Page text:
Make the Most of Condensate

A few steps can yield sizable savings and improve exchanger performance.

By Steve Ashby, Armstrong International


Condensate is a ready-made supply of recoverable energy for a boiler system (Figure 1). Chemical plants typically should be able to recover more than 60% of the generated condensate. However, traditional system designs and installation practices often can't ensure positive condensate drainage. As a result, the condensate frequently is drained to waste when the heat exchanger stalls, diminishing performance.

Making simple changes in system designs and following practical management steps can return significant savings as well as increase heat exchanger performance and integrity.

Return of condensate to the boiler plant requires some means of motive pressure. This comes from the supply steam pressure or via a mechanical pump. Either way, the motive pressure always must exceed the condensate return backpressure to guarantee continuous drainage.

Two common piping designs for heat-exchanger condensate drainage are to incorporate a level-actuated collection pot or use steam traps. Both types of devices are direct piped to the condensate return system and can be affected by varying return line backpressure.

A level-actuated collection pot often is chosen for large, high-capacity high-pressure reboilers as well as vacuum columns and flash tanks. The heat-exchanger control scheme can be a constant-level design incorporating a modulating steam valve for temperature control, or a variable system employing a constant-pressure steam supply while changing the exposed heat-exchanger surface area. Both approaches use an actuated drain valve to maintain condensate levels.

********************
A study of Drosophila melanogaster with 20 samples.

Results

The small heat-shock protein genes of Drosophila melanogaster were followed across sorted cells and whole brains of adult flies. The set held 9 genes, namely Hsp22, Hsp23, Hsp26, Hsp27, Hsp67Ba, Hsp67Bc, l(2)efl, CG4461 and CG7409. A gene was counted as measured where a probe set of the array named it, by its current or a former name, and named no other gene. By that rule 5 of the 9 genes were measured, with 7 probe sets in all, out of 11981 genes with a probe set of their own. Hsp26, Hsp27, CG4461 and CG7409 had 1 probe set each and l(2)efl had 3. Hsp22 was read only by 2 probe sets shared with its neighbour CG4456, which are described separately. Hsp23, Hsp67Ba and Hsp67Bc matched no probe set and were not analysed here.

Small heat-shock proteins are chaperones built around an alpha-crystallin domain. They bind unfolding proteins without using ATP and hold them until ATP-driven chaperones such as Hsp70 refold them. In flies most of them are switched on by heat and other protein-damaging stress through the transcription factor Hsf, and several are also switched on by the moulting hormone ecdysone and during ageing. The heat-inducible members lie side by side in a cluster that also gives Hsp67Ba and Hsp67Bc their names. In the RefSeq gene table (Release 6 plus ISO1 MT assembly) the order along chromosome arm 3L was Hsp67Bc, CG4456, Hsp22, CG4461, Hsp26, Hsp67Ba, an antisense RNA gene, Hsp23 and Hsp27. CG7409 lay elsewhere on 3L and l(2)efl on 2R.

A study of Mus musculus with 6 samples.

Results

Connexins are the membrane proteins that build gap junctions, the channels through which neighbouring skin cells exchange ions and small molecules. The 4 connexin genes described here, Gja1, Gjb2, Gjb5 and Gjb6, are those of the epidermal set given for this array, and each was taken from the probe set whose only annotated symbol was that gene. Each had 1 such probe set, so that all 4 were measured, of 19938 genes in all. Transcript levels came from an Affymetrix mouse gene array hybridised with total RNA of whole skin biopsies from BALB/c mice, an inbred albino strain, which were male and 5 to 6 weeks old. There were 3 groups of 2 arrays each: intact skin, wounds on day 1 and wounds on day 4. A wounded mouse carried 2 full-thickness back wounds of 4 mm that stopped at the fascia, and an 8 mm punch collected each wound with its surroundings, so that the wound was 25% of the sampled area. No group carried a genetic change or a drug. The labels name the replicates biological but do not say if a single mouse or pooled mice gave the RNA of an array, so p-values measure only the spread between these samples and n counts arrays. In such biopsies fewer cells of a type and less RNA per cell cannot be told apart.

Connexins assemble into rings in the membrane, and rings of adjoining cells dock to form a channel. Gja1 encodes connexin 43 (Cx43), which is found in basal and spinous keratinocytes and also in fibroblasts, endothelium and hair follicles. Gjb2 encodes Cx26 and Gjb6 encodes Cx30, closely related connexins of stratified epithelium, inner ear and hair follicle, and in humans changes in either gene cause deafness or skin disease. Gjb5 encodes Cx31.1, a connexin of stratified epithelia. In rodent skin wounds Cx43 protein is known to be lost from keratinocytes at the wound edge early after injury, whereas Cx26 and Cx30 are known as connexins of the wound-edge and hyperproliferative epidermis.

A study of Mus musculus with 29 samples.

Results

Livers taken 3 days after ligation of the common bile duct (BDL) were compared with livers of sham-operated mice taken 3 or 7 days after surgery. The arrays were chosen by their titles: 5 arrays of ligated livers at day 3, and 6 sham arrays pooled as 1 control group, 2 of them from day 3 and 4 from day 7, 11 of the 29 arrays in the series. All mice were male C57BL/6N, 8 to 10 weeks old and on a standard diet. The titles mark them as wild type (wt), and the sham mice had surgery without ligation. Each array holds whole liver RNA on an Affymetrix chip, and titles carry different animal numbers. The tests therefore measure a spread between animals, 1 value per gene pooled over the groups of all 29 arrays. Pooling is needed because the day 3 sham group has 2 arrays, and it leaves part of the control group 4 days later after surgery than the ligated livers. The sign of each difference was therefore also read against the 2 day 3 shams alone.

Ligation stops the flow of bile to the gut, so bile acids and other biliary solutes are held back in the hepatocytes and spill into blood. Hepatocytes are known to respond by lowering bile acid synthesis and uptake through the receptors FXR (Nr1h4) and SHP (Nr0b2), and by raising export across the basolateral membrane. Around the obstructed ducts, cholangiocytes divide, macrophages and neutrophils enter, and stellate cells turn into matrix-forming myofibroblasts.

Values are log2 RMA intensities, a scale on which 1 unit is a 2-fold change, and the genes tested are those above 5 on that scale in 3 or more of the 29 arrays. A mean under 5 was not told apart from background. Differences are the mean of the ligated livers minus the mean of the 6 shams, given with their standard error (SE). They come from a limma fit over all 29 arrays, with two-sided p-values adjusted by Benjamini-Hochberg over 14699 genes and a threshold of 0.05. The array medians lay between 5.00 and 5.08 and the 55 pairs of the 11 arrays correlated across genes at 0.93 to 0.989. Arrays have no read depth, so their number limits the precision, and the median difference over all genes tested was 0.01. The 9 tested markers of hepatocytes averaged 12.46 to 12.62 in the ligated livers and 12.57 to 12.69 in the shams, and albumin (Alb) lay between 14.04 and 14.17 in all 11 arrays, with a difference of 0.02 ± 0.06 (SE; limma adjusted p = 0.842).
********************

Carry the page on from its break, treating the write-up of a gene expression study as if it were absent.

Both designs provide process temperature control but pose potential performance and equipment-integrity problems.

The constant-level control system relies on varying steam pressure and volume to maintain desired process temperature. As the thermal requirement decreases, the modulating supply-steam control valve closes, reducing steam pressure and volume. This results in low condensate return motive pressure. If the steam pressure in the heat exchanger becomes less than the condensate backpressure, a flooded condition will arise -- decreasing thermal performance, creating a corrosive condition (carbonic acid from cooled condensate), spurring surface pitting (accelerated by trapped noncondensable gases) and potentially compromising the structural integrity of the tubes, tube sheets and other components through stress cracking and water hammer (Figure 2).

The variable-level control system relies on constant steam pressure -- the condensate drain valve is modulated to expose or flood the heat exchanger surface area. As thermal requirements decrease, the condensate drain valve closes to back up condensate into the vessel, effectively reducing the surface area exposed for heat transfer. The constant steam pressure provides a positive motive pressure for condensate return. Again, though, the downside is corrosion and decreased vessel life and structural integrity.